C elegans cell cycle machinery

Components of the conserved cell cycle machinery are rapidly being identified in C. elegans and their roles are being tested in the context of the developing worm. For example, a number of Cdc2-related protein kinases were identified from the genomic sequence, and the gene encoding one of these, ncc-1 was found by RNA-mediated interference (RNAi) experiments, and by mutant phenotypes, to be required for mitosis in embryonic and postembryonic cell divisions (Boxem et al 1999). ncc-1 is not required for S phase, and this M-specific role indicates that ncc-1 encodes an orthologue of Cdk1/Cdc2. Other members of the C. elegans Cdc2-related class of kinases do not seem to have critical roles, as judged by gene inactivation experiments, suggesting that they may act redundantly.

C. elegans cyclin A and B have been identified, and functional characterization of them suggests roles in oogenesis and early embryogenesis (Kreutzer et al 1995). The C. elegans cyd-1 and cdk-4 genes encode cyclin D and a cyclin kinase related to Cdk4/ Cdk6, respectively (Park & Krause 1999). Both cyd-1 and cdk-4 are expressed during embryonic development, and during many postembryonic cell lineages with a temporal pattern coincident with postembryonic G1/S progression. Loss-of-function phenotypes of cyd-1 and cdk-4 indicate that cyclin D and CDK-4 are required for postembryonic development, but not for embryonic cell cycles (Park & Krause 1999), perhaps consistent with an apparent lack of G1 phases in the worm embryonic cell cycles. It is not known what developmental regulators govern the timing of cyd-1 and cdk-4 expression during the larval stages and to what extent cyclin D and CDK-4 are limiting factors controlling timing of cell cycle progression. In contrast to cyclin D, which may be specific to postembryonic development, the C. elegans cyclin E seems to be required for both embryonic and postembryonic cell cycle progression (Fay & Han 2000).

Cullins were identified in C. elegans by mutations of cul-1 and cul-2 that cause an over-proliferation of postembryonic cell divisions (Kipreos et al 1996). They define a protein family that is widely employed for targeting proteins for ubiquitin-mediated proteolysis. The CUL-1 and CUL-2 proteins appear to control the number of cell divisions in numerous C. elegans larval cell lineages by targeting cyclins and other cell cycle components (Kipreos et al 1996, Feng et al 1999). The developmental regulation of cul-1 and cul-2 activity is likely to underlie at least some of the strict control of cell division timing and cell cycle number in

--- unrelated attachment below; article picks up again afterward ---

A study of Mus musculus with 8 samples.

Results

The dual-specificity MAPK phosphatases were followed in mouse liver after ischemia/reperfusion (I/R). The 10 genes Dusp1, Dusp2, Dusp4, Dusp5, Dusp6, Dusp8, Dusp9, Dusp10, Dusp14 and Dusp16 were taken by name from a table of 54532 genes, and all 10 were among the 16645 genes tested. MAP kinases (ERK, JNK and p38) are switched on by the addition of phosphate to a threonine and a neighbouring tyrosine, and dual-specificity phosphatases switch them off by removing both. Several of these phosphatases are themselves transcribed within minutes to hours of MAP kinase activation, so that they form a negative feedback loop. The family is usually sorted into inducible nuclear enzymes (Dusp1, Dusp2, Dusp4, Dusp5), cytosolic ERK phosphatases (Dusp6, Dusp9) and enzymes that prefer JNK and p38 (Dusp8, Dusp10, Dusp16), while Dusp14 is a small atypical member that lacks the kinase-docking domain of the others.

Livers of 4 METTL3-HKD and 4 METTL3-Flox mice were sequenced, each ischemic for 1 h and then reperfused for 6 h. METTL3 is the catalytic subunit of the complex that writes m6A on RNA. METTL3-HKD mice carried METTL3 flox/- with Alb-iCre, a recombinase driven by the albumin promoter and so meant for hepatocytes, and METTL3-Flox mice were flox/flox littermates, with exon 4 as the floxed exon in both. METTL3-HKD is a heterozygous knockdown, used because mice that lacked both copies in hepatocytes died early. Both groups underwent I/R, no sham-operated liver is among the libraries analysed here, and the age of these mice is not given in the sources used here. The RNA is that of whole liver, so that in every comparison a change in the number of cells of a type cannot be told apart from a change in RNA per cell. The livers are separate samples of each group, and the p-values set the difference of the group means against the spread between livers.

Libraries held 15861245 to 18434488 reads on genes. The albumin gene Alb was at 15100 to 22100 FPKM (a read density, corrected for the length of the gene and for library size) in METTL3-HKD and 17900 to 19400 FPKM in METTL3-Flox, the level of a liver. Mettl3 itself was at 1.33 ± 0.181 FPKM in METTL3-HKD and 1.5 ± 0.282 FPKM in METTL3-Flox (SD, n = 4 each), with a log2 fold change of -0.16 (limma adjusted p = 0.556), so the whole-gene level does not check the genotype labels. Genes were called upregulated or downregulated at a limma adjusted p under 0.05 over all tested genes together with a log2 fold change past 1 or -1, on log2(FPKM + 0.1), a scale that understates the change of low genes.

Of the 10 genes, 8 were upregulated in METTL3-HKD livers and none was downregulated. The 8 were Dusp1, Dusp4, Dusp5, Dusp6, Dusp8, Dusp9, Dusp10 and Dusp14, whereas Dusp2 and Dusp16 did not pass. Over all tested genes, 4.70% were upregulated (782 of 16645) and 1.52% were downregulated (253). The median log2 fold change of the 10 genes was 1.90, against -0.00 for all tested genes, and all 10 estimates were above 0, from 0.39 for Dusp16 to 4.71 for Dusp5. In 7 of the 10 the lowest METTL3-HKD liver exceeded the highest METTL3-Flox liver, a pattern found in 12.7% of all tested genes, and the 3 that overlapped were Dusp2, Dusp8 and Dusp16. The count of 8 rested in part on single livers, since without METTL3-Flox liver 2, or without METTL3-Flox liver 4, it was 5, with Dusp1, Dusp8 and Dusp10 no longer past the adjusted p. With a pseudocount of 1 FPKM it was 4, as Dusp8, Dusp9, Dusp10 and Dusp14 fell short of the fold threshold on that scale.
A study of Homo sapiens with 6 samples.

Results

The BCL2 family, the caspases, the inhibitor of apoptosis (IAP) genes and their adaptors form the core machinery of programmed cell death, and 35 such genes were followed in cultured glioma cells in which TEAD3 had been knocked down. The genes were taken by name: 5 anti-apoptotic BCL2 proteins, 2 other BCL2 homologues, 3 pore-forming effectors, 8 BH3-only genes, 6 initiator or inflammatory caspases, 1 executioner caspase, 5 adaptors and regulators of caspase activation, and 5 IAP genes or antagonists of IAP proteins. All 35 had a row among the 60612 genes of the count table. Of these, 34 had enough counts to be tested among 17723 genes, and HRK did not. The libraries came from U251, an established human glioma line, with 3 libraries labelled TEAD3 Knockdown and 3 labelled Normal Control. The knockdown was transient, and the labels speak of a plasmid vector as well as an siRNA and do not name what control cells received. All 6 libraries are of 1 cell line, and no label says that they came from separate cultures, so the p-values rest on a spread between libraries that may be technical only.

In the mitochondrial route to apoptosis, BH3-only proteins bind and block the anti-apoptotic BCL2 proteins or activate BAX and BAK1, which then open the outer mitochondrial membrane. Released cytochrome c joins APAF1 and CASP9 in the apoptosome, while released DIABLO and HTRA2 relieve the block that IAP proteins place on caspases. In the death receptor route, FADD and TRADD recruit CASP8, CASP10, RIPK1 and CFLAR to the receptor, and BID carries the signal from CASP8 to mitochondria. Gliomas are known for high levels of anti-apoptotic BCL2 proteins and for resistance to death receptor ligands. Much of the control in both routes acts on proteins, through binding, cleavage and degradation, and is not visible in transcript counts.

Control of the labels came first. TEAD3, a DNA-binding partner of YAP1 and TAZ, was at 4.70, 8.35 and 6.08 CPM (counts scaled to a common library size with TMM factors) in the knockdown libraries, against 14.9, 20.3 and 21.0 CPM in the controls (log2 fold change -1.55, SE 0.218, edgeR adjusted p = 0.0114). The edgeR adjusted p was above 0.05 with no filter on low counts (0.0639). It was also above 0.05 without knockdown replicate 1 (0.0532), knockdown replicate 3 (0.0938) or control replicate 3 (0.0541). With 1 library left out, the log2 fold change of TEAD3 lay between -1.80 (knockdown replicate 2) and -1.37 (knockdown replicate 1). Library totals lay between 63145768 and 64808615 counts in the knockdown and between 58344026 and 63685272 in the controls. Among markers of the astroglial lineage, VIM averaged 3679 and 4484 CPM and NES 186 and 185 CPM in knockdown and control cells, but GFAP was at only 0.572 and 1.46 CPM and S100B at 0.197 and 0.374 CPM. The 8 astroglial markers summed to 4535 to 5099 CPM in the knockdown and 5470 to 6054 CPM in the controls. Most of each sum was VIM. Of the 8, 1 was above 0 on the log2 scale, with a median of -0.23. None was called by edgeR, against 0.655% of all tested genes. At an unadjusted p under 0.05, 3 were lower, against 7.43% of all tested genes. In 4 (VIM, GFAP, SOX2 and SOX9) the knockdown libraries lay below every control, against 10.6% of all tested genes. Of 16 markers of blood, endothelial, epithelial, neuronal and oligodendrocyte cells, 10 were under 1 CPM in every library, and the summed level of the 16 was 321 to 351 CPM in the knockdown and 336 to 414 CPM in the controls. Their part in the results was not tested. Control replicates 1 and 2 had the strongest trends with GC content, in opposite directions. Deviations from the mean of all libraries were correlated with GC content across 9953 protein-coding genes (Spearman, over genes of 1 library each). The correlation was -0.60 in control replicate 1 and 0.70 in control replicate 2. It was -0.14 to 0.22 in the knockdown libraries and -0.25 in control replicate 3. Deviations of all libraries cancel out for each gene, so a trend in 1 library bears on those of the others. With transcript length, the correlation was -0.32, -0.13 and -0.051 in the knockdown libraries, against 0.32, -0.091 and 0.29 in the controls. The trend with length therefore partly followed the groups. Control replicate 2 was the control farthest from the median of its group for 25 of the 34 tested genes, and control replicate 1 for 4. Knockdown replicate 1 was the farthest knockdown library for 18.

C. elegans.

Cyclin kinase inhibitors (CKIs) of the p21/p27 class (Sherr & Roberts 1999) are represented in C. elegans by the products of the cki-1 and cki-2 genes (Hong et al 1998, Feng et al 1999). cki-1 is the best characterized of these two. Inactivation of cki-1 results in extensive postembryonic over-proliferation phenotypes, suggesting that cki-1 is widely employed throughout C. elegans embryonic and postembryonic development to limit the number of cell cycles (Hong et al 1998).

cki-1 is expressed in differentiating cells, and in numerous resting progenitor cells at various stages of C. elegans development, and also in larvae developmentally-arrested as dauer larvae or starved hatchlings (Hong et al 1998; Table 1). This developmental pattern of expression is displayed by transgenes with the cki-1 promoter fused to gfp, indicating that cki-1 transcription is developmentally regulated. The cki-1 expression patterns in resting progenitor cells are consistent with the cki-1 over-proliferation phenotypes, and suggest that cki-1 inhibits G1 cyclin/Cdk complex(es).

In some cases, such as the hermaphrodite vulval lineage, cki-1 loss-of-function defects include an extra round of precursor cell division, without any appreciable change in the timing of subsequent vulval differentiation. Although the timing of vulva differentiation is normal in cki-1 loss-of-function animals, the vulva is often non-functional, suggesting that cki-1 is required for the completion of proper vulval differentiation. cki-1 is expressed in differentiating neurons, muscle and hypodermal cells, and the cki-1 loss-of-function phenotype includes uncoordinated behaviour (Hong et al 1998), which may result from defects in neuronal or muscle differentiation.

C. elegans lin-35 encodes a protein closely related to retinoblastoma (Rb) tumour suppressor (Lu & Horvitz 1998). The lin-35 gene product, together with the product of lin-53, which is similar to the RbAp48 Rb-binding protein, antagonizes the Ras signalling involved in vulval cell fate determination. lin-53 may also have essential roles as well (Lu & Horvitz 1998), but it is not clear if C. elegans Rb and its partners are involved in controlling cell cycle progression, as in vertebrates.